Raising Luke

I find it interesting that after you have kids and even sometimes before you have kids, you have already made up in your mind what you will do differently from your parents.  It’s also interesting that you even know what you might do the same as your parents as well.

This occurred to me before these two posts by one of my favorite bloggers but when I tried to comment on her post, it was becoming a blog post of my own, so here we are.

When it comes to feeding Luke, in a lot of ways, I’m exactly like my mom.  I’m a big believer in homemade food.  I’m sure I had processed food in the school cafeteria growing up, but when I was at home, everything was homemade.  I didn’t even know potatoes came in a box until I was much older.  We always had fruit and vegetables, although sometimes I didn’t want them.  What’s interesting though is that we never had sweets, except on a holiday.  So when Christmas came my mom would make huge amounts of cookies and we could eat them.  And when we got our Easter baskets, it was a free for all.  It was the same way with clothing as well.  We only shopped one time per year so when Christmas came it was a giant expectation of all these clothes and or gifts.  Here is where I stop to disagree with my parents.  I found as I grew up and got on my own that since I could  now control my sweet intake, that’s all I was going to eat, because I was never allowed to have them.  And I’m gonna go shopping when I want because I never got to when I was a kid.

I’m not mad at my parents for this because part of it was because of money as far as the gift/clothing thing went but this has led to me to believe in the concept that everything should be in moderation.  I’ve come to think that if something is always there, maybe Luke won’t care so much about it.  I don’t want him to expect all these gifts at Christmas because he’s gotten what he needed throughout the year.  He may get one or two things he really wants but then I want him to understand more about the concept of Christmas.  And that leads me back to the food subject, I feel if I don’t keep him from things, he won’t be so curious and hog-wild about them when he gets access.  But believe me, I cringe when my MIL gives him fruit snacks.  I double cringed when I walked in to pick him up and he was eating mini Oreos.   Oh goodness.  When I pack a cookie in Luke’s lunch, it’s a homemade cookie.  Made with ingredients that I put in myself.   And I do my best to pack the healthy things he does love so he won’t be hungry for her fruit snacks and Oreos.  He loves banana’s and he double loves blueberries.  Those are easily packable.  It’s kinda hard to pack my homemade sweet potato fries though.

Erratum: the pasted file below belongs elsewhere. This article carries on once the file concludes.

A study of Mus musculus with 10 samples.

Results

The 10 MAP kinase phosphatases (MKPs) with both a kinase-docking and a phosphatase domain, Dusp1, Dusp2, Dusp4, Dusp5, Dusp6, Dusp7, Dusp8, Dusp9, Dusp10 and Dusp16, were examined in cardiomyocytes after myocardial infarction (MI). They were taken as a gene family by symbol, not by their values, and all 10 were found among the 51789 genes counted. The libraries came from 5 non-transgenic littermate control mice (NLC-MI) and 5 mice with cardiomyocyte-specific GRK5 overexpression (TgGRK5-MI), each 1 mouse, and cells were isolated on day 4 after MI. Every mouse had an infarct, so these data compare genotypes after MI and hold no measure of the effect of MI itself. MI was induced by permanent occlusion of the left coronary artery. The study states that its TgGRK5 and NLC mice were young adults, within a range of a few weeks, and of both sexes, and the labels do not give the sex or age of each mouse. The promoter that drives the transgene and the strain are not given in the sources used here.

I just find this subject interesting because so much we do is or isn’t because of things our parents did or didn’t do and I even see it in my friends.

The same thing goes for me and child spacing.  Everyone keeps telling me to hurry up and that more than 3 years apart is a nightmare.  Really?  Because my brother and I are 3.5 years apart and I think we got a long pretty darn good growing up.  Yes, we had few years there, I think I was like 11 and he was 14 when are relationship was somewhat strained but the for the most part, it was really good and continues to be.  Now my husband and his sister are 11 months apart and I that makes me what to puke when I think about how I could ALREADY have another kid.  AH, NO.   But there’s also the factor that what if it can’t happen?  It’s not as easy as just wanting to get pregnant and then you are.  Sometimes it ends up being sooner or later than we want, but every family finds a way and it usually works out how it’s supposed to.

One of my other favorite bloggers just blogged about this today and I have to agree with what she said about how having another one seems like so much work initially, but the sibling will last a lifetime, and this is something I think of often.

I’m just writing this for the purpose of writing it.  It’s stuff I think about a lot.  By no means am I an expert.  I mean, I found my son licking the living room wall yesterday if that tells you anything.


     /  February 17, 2010

    Well, maybe the wall had some leftovers on it 🙂 AND OMG YOU WOULD *cringe* IF YOU KNEW *exactly* WHAT I FED MY KIDS…I’m a horrible mother…

  2. Hello! Thank you for the linking. 🙂

    I think it depends on your childhood — there are a lot of things I WON’T do with my daughter, but plenty I want to emulate — like taking her to theatre at least once a year like my parents did. I have seen nearly every musical broadway production out there and I appreciate it for what it is and what it gave to me growing up.

  3. Michelle

     /  February 17, 2010

    I’m impressed with you and no processed foods. Good for you. You do enjoy cooking, which makes that way of life much easier. Way to be healthy! I try, but at times, it’s a lot of work. Instant potatoes take less time.

    Licking the wall, that cracked me up. I can just imagine him doing it and the look on your face when you found him.

  4. again, those words…Processed Foods…
    I need a life re-vamp

  5. Oh, thanks.

    B does eat some processed foods, but we also try to make sure he has lots of fresh fruits and veggies too. My mom grew a ton of food in her garden and canned it. She made almost everything from scratch too. While I would like to do that, it’s just not in me. I have thought about what places I’d like to bring B and what kind of one-on-one things I want to do with him, like my parents did.